Firefighters at the scene of a bus crash on the R518 in the Waterberg district in Limpopo on Thursday.
Firefighters at the scene of a bus crash on the R518 in the Waterberg district in Limpopo on Thursday.
Image: Limpopo transport department

The horror bus crash that claimed 45 lives on Thursday ahead of the Easter Weekend is a tragic reminder of SA’s grim road safety record during high traffic holiday periods.

According to authorities, a bus carrying passengers travelling to Moria from Botswana left the road and plunged more than 40m off Mmamatlakala Bridge on the R518 in Limpopo. Forty-five people perished in the tragedy while an eight-year-old girl is the only survivor.

People across the two nations – Botswana and SA – are still grieving and emerging from the shock and horror of the devastating bus crash.  The exact cause of the crash is still unclear as investigations are still ongoing.

There are a lot of factors that are responsible for road crashes in SA in general including speed violation, unroadworthy vehicles, brake failures, unsafe overtaking, reckless and negligent driving as well as conditions of the roads.

The disregard of road traffic rules by motorists is a common occurrence, and this has been highlighted by the high number of fatalities recorded every holiday period.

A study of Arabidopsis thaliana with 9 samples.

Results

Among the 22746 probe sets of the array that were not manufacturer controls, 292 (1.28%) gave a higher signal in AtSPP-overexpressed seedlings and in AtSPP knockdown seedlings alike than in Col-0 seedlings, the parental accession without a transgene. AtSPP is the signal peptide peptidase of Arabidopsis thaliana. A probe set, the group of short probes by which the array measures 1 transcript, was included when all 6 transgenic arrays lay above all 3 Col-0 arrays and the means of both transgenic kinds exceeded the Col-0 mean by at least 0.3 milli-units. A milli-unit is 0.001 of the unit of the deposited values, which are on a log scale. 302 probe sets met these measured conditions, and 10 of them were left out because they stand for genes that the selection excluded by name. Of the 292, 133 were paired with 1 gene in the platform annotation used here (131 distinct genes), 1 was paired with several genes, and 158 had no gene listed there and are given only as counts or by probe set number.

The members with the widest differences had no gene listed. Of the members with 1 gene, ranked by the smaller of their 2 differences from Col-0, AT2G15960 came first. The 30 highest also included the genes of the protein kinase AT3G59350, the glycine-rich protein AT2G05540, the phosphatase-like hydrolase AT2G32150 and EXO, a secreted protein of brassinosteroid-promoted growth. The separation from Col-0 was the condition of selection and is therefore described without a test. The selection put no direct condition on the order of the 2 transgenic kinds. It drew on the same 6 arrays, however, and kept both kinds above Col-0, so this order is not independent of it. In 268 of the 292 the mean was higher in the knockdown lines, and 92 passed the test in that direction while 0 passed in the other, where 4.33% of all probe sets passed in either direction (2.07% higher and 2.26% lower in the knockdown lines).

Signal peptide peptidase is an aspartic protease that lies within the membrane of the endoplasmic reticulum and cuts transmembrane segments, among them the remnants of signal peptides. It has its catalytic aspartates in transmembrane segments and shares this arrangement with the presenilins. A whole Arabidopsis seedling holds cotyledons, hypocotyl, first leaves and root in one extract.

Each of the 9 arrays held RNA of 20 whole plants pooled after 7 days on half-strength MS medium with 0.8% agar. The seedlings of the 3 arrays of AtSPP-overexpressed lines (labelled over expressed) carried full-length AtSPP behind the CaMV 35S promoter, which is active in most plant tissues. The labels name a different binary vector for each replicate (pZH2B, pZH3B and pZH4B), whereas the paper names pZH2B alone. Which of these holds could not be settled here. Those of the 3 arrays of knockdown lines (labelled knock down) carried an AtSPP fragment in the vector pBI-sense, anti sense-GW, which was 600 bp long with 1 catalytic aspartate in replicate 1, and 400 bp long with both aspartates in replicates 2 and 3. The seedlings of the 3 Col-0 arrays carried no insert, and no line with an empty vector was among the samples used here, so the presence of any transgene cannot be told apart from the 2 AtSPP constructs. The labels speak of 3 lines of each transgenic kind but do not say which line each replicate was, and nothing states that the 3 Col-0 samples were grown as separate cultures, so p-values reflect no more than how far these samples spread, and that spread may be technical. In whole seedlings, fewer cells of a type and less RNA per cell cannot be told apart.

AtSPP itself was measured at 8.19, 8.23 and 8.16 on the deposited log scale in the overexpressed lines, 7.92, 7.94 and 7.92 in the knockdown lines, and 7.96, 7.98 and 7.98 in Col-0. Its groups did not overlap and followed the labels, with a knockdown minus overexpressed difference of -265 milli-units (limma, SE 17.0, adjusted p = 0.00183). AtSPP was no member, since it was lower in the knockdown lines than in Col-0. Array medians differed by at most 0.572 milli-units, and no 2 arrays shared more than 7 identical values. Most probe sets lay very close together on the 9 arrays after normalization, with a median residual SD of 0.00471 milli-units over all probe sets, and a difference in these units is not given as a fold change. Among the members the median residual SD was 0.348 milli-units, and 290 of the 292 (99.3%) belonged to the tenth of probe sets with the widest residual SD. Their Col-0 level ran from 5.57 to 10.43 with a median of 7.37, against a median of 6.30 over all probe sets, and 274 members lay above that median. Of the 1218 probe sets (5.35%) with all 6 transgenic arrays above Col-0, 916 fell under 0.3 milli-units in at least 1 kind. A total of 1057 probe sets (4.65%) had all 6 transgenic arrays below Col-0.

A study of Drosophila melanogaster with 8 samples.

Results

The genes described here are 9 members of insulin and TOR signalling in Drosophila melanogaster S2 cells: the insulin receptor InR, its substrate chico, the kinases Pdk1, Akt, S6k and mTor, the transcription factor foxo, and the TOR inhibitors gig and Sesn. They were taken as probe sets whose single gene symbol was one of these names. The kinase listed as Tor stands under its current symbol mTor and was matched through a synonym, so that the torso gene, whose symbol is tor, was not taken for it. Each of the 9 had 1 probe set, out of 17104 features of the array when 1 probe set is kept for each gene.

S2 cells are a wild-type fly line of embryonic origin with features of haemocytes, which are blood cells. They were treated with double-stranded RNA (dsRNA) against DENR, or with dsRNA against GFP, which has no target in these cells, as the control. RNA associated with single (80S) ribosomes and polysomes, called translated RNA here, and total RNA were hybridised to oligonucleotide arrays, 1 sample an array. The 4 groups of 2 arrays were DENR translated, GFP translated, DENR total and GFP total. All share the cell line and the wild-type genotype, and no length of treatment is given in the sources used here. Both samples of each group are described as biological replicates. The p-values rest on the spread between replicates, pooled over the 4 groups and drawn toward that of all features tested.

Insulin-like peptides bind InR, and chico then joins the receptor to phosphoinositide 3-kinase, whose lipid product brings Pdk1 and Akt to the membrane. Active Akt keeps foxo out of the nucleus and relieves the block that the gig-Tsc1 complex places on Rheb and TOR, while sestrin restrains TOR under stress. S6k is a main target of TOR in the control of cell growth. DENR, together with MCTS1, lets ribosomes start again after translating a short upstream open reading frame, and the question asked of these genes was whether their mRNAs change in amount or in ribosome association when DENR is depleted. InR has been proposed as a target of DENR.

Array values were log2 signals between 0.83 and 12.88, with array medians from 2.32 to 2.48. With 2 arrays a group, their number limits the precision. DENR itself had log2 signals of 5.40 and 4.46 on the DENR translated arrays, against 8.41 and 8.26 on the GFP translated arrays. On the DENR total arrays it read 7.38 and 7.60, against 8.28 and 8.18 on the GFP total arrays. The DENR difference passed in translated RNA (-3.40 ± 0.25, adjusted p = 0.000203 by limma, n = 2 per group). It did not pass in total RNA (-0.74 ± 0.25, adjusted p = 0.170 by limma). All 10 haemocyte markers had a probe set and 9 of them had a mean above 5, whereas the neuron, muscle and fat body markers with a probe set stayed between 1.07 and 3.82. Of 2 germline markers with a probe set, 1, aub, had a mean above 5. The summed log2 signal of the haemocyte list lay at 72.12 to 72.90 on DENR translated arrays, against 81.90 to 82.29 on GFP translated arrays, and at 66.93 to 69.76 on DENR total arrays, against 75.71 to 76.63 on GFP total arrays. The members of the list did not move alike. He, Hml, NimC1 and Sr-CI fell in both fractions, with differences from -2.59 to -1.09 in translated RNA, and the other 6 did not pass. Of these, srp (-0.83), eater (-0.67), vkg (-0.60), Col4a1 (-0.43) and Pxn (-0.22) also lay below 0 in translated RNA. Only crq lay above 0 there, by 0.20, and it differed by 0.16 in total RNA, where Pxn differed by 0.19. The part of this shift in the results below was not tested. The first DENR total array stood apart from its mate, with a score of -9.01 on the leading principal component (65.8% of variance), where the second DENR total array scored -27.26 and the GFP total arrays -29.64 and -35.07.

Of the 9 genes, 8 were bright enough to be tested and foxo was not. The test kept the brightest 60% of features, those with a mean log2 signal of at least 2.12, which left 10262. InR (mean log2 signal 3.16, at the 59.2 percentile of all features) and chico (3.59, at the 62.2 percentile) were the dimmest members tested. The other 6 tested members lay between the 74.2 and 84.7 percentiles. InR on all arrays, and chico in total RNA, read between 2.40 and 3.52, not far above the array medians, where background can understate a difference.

According to the Road Traffic Management Corporation, 719 fatalities were recorded on the roads in December and most of the crashes happened in Gauteng, KwaZulu-Natal, Eastern Cape, Western Cape and Limpopo provinces.

Although these figures were slightly lower than the previous year’s data, they are still alarmingly high and indicate that road crashes are among the biggest killers in the country.

The effects of the devastation caused by the carnage on the roads cannot be fully comprehended and quantified even with the annual reporting of the figures. Behind the statistics lie real human beings whose lives have been cut short in the most tragic of circumstances.  

Families who lose their loved ones in such tragic circumstances will remain scarred for life. The negative effects of the road carnage can also be felt by other sectors of the economy such as tourism, which could lead to discouraging tourists from visiting SA to explore its beauty and nature due to poor road safety record.

As we mourn the loss of the 45 lives, and dozens others who perished on our roads this past Easter period, we urge government and all motorists to make it their priority and commitment to end this silent epidemic of road traffic accidents.